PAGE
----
Four years since leaving and graduating from the University of Kentucky, Perry Stevenson is still trying to find out what he wants to do for the rest of his life.
He dabbled in the NBA Developmental League, he’s tried out coaching youngsters and now he’s seeing what life is like on the other side of the camera. Through it all, he doesn’t mind trying something once.
“It’s trying different things now that I’m actually done playing basketball,” Stevenson said.
Stevenson spent some time in Portugal and in the NBA D-League, but after a few months, he found out it wasn’t for him. Following his decision to come back to Lexington, Stevenson snagged a coaching job with Lexington Christian Academy where he’s currently coaching a group of sixth graders.
He said coaching the youngsters is an enjoyable, fun experience.
“They’re very energetic,” Stevenson said laughing.
Aside from coaching, Stevenson has done some media-related work with Kentucky Heartbeat (kentuckyheartbeat.com), a website dedicated to Kentucky sports.
“It’s just getting a feel for the other side of sports,” Stevenson said. “I wasn’t always a big fan of the media so we’re taking a trip down that road, seeing what it’s like.”
Through his opportunity with Kentucky Heartbeat, Stevenson has been able to get a feel for a couple different aspects of sports media.
“Coming up with some new ideas, stuff that hasn’t been done in the media,” Stevenson said. “We want fans to come and visit our site, get a laugh in of course. It’s all about personalities but also (to) give info.”
His main focus as a contributor for the site is to concentrate on the players and not just talk about the negatives, especially since he’s been there, done that.
“It’s almost like a player-first website,” Stevenson said. “We don’t want to badmouth anybody because I know what it’s like on that side. You have to watch what you say to the media and all that stuff. We want to be media but just do it a different way. Keep the players in mind first and then everything else happens.”
Even though Stevenson doesn’t plan on pursuing a career in sports media, he’s not closing any doors. On his to-do list of things to try is sports commentating.
“I wouldn’t mind it but that’s kind of nerve-wracking,” Stevenson said. “There’s only live broadcasting. If we can do a couple of tapes then sure. But I don’t think that will happen. But I think it would be fun to at least try it out.”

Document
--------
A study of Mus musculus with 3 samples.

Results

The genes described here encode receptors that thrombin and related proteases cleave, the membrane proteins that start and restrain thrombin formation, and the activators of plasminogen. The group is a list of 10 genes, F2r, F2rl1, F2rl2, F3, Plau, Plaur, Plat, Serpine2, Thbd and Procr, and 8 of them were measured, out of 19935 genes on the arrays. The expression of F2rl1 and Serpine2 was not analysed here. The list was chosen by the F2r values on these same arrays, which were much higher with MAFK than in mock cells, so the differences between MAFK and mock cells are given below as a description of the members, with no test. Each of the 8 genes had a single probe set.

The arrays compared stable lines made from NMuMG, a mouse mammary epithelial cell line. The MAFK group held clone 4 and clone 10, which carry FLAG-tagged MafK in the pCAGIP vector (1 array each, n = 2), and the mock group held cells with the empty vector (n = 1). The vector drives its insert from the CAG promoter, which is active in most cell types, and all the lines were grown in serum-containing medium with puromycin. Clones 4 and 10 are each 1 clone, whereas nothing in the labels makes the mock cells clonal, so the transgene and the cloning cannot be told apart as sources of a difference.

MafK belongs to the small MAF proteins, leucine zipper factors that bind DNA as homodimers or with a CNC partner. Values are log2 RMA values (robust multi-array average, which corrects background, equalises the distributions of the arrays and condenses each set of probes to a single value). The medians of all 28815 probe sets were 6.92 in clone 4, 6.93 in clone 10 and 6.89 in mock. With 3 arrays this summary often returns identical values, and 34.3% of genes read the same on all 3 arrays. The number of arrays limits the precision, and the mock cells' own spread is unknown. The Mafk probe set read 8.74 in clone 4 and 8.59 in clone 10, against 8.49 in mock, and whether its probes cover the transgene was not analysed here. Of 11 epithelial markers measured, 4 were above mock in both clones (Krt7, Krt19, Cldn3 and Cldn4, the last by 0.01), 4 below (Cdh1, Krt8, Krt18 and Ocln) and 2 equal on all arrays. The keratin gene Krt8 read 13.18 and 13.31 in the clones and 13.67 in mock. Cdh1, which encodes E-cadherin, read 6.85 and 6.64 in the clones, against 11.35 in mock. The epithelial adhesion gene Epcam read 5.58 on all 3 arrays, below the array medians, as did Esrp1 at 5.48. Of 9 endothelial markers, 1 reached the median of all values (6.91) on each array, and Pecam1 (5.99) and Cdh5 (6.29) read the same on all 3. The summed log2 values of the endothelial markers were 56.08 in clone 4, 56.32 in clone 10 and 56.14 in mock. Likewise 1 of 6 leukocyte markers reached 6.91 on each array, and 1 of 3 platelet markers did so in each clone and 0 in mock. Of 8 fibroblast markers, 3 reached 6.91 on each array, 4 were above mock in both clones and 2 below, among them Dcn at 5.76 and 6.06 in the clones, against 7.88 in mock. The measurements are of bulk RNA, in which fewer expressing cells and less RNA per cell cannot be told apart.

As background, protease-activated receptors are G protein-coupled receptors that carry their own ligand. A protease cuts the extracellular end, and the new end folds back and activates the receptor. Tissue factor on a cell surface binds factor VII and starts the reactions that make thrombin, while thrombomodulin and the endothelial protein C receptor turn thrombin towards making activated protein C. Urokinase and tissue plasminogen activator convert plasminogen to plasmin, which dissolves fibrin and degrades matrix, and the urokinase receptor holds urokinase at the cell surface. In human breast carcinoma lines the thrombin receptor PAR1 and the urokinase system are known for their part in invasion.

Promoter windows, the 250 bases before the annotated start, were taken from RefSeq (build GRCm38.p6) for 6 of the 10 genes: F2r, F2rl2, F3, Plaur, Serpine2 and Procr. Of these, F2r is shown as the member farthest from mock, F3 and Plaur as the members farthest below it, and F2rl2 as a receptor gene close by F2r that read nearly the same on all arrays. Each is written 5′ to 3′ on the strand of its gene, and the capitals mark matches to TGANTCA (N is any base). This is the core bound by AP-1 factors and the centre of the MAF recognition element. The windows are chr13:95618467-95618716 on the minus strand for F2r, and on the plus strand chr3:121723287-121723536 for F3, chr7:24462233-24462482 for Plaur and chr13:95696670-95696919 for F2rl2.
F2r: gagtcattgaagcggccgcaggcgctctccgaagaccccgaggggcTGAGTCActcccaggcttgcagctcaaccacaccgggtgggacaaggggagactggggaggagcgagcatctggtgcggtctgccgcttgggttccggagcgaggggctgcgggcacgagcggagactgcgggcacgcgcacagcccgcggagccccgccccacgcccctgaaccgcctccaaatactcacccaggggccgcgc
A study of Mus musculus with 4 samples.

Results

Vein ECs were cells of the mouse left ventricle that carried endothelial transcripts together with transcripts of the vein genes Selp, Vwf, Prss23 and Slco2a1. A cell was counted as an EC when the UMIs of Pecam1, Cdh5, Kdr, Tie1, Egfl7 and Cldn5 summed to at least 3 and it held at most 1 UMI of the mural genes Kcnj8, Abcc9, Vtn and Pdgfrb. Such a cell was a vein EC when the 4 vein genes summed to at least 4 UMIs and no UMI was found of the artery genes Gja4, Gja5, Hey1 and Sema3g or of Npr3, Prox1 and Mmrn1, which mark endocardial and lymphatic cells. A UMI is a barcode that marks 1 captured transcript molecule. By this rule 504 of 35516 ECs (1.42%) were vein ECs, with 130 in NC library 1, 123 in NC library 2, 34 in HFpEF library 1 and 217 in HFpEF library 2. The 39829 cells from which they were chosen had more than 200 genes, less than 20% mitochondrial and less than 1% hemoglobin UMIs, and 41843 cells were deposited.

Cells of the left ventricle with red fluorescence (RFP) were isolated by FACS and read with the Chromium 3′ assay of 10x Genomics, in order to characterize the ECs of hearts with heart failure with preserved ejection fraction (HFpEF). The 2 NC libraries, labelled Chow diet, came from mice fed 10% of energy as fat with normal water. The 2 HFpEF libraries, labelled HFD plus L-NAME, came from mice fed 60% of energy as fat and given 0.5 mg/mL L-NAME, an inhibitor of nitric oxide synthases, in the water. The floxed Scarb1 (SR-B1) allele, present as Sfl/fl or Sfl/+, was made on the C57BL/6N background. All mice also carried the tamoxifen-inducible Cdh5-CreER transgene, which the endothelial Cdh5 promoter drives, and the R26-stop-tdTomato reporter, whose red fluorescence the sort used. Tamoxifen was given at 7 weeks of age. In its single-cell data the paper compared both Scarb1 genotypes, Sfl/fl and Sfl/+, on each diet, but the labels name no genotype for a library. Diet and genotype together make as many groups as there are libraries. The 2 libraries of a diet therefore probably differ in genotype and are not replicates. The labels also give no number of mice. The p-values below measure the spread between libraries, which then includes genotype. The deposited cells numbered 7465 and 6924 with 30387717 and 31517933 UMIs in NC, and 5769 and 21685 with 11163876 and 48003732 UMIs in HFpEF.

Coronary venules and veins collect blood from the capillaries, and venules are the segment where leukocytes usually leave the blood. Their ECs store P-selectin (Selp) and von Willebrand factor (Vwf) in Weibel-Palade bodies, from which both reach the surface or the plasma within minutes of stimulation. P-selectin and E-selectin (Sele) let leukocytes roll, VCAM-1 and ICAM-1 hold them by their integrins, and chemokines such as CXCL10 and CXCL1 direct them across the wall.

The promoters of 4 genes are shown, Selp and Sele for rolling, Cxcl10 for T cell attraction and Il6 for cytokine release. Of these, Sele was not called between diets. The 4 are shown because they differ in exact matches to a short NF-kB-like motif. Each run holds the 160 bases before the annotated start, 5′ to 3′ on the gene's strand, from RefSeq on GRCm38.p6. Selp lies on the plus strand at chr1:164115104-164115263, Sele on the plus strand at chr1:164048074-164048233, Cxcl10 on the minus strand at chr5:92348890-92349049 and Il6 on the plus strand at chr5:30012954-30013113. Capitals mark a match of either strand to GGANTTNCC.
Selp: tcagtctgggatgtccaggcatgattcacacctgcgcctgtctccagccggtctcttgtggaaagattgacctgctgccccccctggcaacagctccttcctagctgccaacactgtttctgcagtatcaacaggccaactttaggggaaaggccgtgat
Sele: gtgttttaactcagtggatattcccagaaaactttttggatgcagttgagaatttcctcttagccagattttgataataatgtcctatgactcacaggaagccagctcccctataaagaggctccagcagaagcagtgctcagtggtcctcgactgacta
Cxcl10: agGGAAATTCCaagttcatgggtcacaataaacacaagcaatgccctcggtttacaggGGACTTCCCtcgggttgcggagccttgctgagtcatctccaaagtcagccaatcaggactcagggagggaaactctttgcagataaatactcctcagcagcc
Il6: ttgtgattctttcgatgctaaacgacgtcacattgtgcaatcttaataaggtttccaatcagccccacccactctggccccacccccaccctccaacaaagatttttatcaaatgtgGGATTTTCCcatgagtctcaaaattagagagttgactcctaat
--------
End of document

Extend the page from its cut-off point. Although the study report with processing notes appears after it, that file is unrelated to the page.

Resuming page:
For now, Stevenson’s main focus is on following his coaching dreams.
“Right now it’s definitely coaching,” he said. “I want to be a coach one day. I don’t know what level yet but it’s either going to be high school or college. I don’t mind middle school because it’s fun for now but I eventually want to move up.”
Stevenson is willing to take any opportunity that he can get to follow his dream and maintain a coaching position, even if it’s out of Lexington.
“Whatever opportunity presents itself,” he said. “Even if it’s in the mountains of Idaho or somewhere. Gotta go.”
Until an opportunity arises, Stevenson is content coaching at LCA, writing for Kentucky Heart Beat, working retail at Wildcat Wearhouse and analyzing his alma mater.
“They need to make some free throws,” Stevenson said. “That’s the Cal curse. I think he knows about it but they’ll get it together sooner or later.”
Stevenson, who was known for his shot-blocking skills and warm personality during his four-year span at UK, played under three different head coaches at Kentucky. After a disappointing junior season that ended in the NIT, Stevenson played for John Calipari, who he liked playing for because of his ability to push players to another level.
Stevenson played a reserve role on the 2010 Elite Eight team and finished his Wildcat career No. 5 on UK’s all-time blocked shots leaders (he’s since been passed by Anthony Davis).
Reminiscing on his days as a Wildcat, Stevenson said can relate to the pressure that these young Cats are under to perform well.
“They got a lot to live up to,” Stevenson said. “Kentucky fans want two championships every year. You can only play for one so you can see the expectations that they have. But I think they should just let those guys play. There’s nothing more a fan can do than just go to the game, support the team and watch.”
With all his titles — basketball guru, coach, retail worker, website contributor — Stevenson is still the same old guy Kentucky fans used to adore. For the time being, Stevenson hopes to continue to try new things. Up next on his list: Maybe become a musician.
“I own a guitar. I haven’t really tried that out yet but I own one, so maybe that’ll be the next thing,” Stevenson said. “I’m not a very good singer. I’ll probably be the background guy once I get good at playing guitar. I could start a band one day when I’m like 60. That should be fun.”